This Is How Multicultural Influencers Are Changing The Marketing Game

King Bach, Lele Pons, Brent Rivera, Jordyn Woods…these are some of the top social media stars followed by teens today, according to new Digital Lives Study data from the Culture Marketing Council: The Voice of Hispanic Marketing (CMC).

While teens and young adults have always set the social trends from the Beatles to hip-hop, to the grunge movement, their following of social media influencers is unique because it crosses cultural and racial lines across all segments.

“From an Instagram post to a YouTube video, product endorsement in such an influential community can make all the difference in your brand’s perception and success—this is why it’s important to integrate your influencer marketing at every step of the marketing process and be armed with the right cultural insights.” – CMC Research Chair Nancy Tellet, founder, brand & consumer navigator at PureClarity LLC.

Here are some facts.


The 13-49 social media influencer follower market is a multicultural majority.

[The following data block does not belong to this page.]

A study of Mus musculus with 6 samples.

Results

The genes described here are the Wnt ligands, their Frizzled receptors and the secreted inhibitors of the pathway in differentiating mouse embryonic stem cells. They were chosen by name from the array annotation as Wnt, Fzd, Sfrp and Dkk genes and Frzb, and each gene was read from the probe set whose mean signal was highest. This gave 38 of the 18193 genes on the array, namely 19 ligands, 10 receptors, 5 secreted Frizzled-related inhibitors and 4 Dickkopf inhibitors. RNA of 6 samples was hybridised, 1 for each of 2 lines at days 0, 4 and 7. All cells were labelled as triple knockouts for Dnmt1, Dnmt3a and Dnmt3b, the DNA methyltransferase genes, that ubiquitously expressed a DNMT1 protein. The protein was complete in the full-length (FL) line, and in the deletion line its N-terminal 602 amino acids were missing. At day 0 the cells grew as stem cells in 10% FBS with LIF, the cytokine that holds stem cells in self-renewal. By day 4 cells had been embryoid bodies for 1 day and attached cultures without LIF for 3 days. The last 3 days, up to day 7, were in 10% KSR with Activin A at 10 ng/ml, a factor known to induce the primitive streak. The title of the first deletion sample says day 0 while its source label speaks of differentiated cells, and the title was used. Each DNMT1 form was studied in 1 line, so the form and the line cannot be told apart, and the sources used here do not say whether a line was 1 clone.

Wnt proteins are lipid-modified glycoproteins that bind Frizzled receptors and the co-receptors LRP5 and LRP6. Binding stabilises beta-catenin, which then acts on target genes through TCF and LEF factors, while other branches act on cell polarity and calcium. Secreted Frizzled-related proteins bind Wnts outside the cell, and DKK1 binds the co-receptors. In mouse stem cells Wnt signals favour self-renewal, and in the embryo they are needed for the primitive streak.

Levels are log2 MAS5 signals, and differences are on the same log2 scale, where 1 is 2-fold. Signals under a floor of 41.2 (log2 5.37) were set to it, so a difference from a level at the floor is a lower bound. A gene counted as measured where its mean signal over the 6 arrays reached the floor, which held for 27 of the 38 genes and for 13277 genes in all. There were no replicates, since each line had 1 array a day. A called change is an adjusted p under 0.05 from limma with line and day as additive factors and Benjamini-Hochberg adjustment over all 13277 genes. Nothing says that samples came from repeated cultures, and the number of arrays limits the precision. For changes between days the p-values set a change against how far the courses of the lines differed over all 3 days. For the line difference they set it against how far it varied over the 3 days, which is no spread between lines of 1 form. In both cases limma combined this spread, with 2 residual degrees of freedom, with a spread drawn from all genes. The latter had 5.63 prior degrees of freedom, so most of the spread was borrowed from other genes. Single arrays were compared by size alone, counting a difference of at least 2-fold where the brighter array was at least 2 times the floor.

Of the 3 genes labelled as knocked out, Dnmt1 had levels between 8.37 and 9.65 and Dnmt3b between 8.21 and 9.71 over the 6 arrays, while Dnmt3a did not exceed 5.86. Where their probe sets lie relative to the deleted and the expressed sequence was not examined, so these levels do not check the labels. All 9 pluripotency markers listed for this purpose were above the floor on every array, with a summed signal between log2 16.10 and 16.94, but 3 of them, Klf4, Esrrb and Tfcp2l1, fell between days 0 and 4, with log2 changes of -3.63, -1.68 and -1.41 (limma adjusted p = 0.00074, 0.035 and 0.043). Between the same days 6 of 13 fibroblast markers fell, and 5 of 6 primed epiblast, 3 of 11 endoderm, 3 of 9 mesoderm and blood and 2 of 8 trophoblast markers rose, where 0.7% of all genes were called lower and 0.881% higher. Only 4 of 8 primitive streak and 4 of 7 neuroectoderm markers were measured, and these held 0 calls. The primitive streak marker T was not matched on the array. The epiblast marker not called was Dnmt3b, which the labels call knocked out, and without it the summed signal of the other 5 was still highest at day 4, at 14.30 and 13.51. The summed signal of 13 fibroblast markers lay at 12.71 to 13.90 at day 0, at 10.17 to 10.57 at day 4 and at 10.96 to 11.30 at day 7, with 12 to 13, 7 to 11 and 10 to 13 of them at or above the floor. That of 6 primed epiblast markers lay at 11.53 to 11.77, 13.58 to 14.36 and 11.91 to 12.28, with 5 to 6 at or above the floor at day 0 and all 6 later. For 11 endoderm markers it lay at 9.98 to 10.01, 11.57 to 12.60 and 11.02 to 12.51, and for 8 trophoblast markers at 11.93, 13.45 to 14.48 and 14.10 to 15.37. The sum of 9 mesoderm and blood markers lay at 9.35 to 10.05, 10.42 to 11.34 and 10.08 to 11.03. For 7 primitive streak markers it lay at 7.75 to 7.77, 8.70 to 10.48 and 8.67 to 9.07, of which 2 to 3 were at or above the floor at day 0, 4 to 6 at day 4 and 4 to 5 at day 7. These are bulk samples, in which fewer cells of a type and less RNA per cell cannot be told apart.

55 percent (6.7 million) of 13-17 followers are multicultural, 51 percent (31.3 million) of 18-49 are multicultural.

Trusted Sources

Sixty-nine percent of Hispanic teens and 51 percent of non-Hispanic teens see the influencer as a trusted source and would consider buying the brand or service they feature.

The Top 20 Influencers Are Diverse

Unlike the entertainment industry where the majority of scripted TV show creators and leads are white, 62 percent of top 20 combined Instagram/YouTube leading vloggers in 2018 were multicultural.

People are not just following influencers that share their culture or racial profile.

Roughly half of all 13-34’s influencers are of another culture—even among non-Hispanic whites—reflecting a generation that is more culturally open.

Six of the nine top influencers crossing teen cultural siloes are multicultural with one-third being of mixed race.

Three of the top four 18-34 influencers crossing siloes are multicultural women—in fact, Lilly Singh will take over Carson Daly’s late-night slot on TV with “A Little Late with Lilly Singh” this fall.